For over 130 years till 1996, more than 100,000 of Canada's First Nations children were legally required to attend government-funded schools run by various Christian faiths. There were 80 ... See full summary »


Tim Wolochatiuk


Jason Sherman





Credited cast:
Rene Batson Rene Batson ... Glen Age 8
Rest of cast listed alphabetically:
Taya Ayotte Bourns ... Student (voice) (as Taya Dawn Ayotte Bourns)
Alice Dano Alice Dano ... Schoolyard Nun
Justin Ducharme Justin Ducharme ... Glen (Age 18)
Darcy Fehr ... Glen's Teacher
Darren Felbel Darren Felbel ... Priest
Rebecca Gibson ... Sister Mary
Kristen Harris ... Lebret Nun
Ashley Hirt ... Nurse
Robert Kostyra ... Black Robe Priest
Daina Leitold ... Nun
John B. Lowe ... Deputy Minister
Ross McMillan Ross McMillan ... Father X
Curtis Moore Curtis Moore ... Father X
Jacqueline Rano Jacqueline Rano ... Schoolyard Nun


For over 130 years till 1996, more than 100,000 of Canada's First Nations children were legally required to attend government-funded schools run by various Christian faiths. There were 80 of these 'residential schools' across the country. Most children were sent to faraway schools that separated them from their families and traditional land. These children endured brutality, physical hardship, mental degradation, and the complete erasure of their culture. The schools were part of a wider program of assimilation designed to integrate the native population into 'Canadian society.' These schools were established with the express purpose 'To kill the Indian in the child.' Told through their own voices, 'We Were Children' is the shocking true story of two such children: Glen Anaquod and Lyna Hart. Written by EV Staff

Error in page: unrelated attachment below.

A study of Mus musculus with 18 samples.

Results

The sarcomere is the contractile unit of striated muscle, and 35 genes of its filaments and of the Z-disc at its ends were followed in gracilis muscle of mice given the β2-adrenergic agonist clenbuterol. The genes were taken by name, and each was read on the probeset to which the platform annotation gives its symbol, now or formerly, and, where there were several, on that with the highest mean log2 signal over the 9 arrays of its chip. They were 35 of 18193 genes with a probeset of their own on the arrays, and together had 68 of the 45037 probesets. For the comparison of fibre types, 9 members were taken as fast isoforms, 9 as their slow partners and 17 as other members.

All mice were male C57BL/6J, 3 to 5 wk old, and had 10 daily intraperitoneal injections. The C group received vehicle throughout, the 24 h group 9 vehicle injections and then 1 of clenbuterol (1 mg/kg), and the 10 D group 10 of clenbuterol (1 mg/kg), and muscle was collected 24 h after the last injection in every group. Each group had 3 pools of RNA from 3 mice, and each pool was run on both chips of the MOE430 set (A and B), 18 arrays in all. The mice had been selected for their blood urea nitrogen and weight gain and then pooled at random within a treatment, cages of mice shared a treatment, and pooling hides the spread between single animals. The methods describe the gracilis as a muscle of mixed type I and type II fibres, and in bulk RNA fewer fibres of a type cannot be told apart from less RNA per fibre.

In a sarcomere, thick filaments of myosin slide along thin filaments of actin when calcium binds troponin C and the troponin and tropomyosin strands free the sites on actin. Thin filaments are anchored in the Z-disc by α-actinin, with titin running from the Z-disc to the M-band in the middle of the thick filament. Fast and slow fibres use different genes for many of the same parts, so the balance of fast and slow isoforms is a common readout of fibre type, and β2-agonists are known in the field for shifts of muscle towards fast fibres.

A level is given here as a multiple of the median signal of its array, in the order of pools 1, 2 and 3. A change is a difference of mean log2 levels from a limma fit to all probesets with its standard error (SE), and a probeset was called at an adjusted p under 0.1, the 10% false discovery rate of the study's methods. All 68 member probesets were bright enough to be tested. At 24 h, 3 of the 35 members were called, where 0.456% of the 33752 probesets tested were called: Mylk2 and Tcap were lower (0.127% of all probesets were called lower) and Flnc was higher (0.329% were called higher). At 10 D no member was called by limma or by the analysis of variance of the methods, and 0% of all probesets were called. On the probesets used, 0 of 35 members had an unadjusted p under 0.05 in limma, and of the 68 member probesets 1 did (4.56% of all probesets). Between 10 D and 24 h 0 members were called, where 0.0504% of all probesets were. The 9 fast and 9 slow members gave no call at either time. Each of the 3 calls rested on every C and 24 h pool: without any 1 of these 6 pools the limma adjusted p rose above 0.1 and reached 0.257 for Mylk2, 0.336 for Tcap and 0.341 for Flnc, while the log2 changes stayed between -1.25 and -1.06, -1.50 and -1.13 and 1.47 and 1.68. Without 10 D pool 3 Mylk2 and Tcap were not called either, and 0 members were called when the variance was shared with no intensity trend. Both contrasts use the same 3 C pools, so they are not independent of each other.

Release Date:

3 March 2013 (USA) See more »


Box Office


$16,500,000 (estimated)


Sound Mix:




Aspect Ratio:

1.78 : 1

Authentic and Heart-breaking
20 August 2014 | by erin-pavlicekSee all my reviews

I first viewed this movie at Haskell Indian Nations University during an event titled, A Time of Healing and Restoration, in November 2013. I have personally worked with the Native American people for nearly 20 years, and the historical accounts of the atrocities they endured were not new to me. Therefore, I anticipated the film's content with familiarity. However, this movie was new in that it so authentically retold the very real stories of two survivors of the atrocities so brutally committed. I found myself sobbing, unable to stop. I have long loved the Native American people with all my heart. To see this movie so candidly display these brutalities broke me all over again.

I firmly believe that every individual needs to see this film, especially lay people who are perhaps uneducated regarding Native American history, or who have an unresolved and stereotypical prejudice against them. What most common people do not understand is that these acts were not exclusive to Canada. The United States is equally guilty as well. This film, I believe, needs to be viewed with adult supervision. But nevertheless, it needs to be seen by anyone willing to acknowledge and digest what has happened. And by all means, above all, it should be shown in every educational institution.

The movie should evoke a response other than personal grief. It should awaken compassion and move us toward change: a place of acknowledgment, repentance, and restoration with the host people of this land (in both Canada and the US).

Again, this film was shown at Haskell Indian Nations University in November 2013, and the response was overwhelming by Natives and non- natives alike. Many Native American students did not realize what happened to their parents and grandparents because few speak of it for the grief they endure, and the educational system has either watered it down, omitted it, or re-written it. With this being said, the film was shocking evidence to their history, which opened many young eyes and hearts. This film even served as a beneficial tool to reach our state government, in which an official proclamation was made by our Governor on behalf of the Native American people - one which had never before been decreed.

I fully support the film and its endeavors. The acting was superb; the storyline gripping and accurate; the filming professional and artistic. The testimonies are real and untarnished. It's time they be heard. May God bless it to the fullest extent of its reach.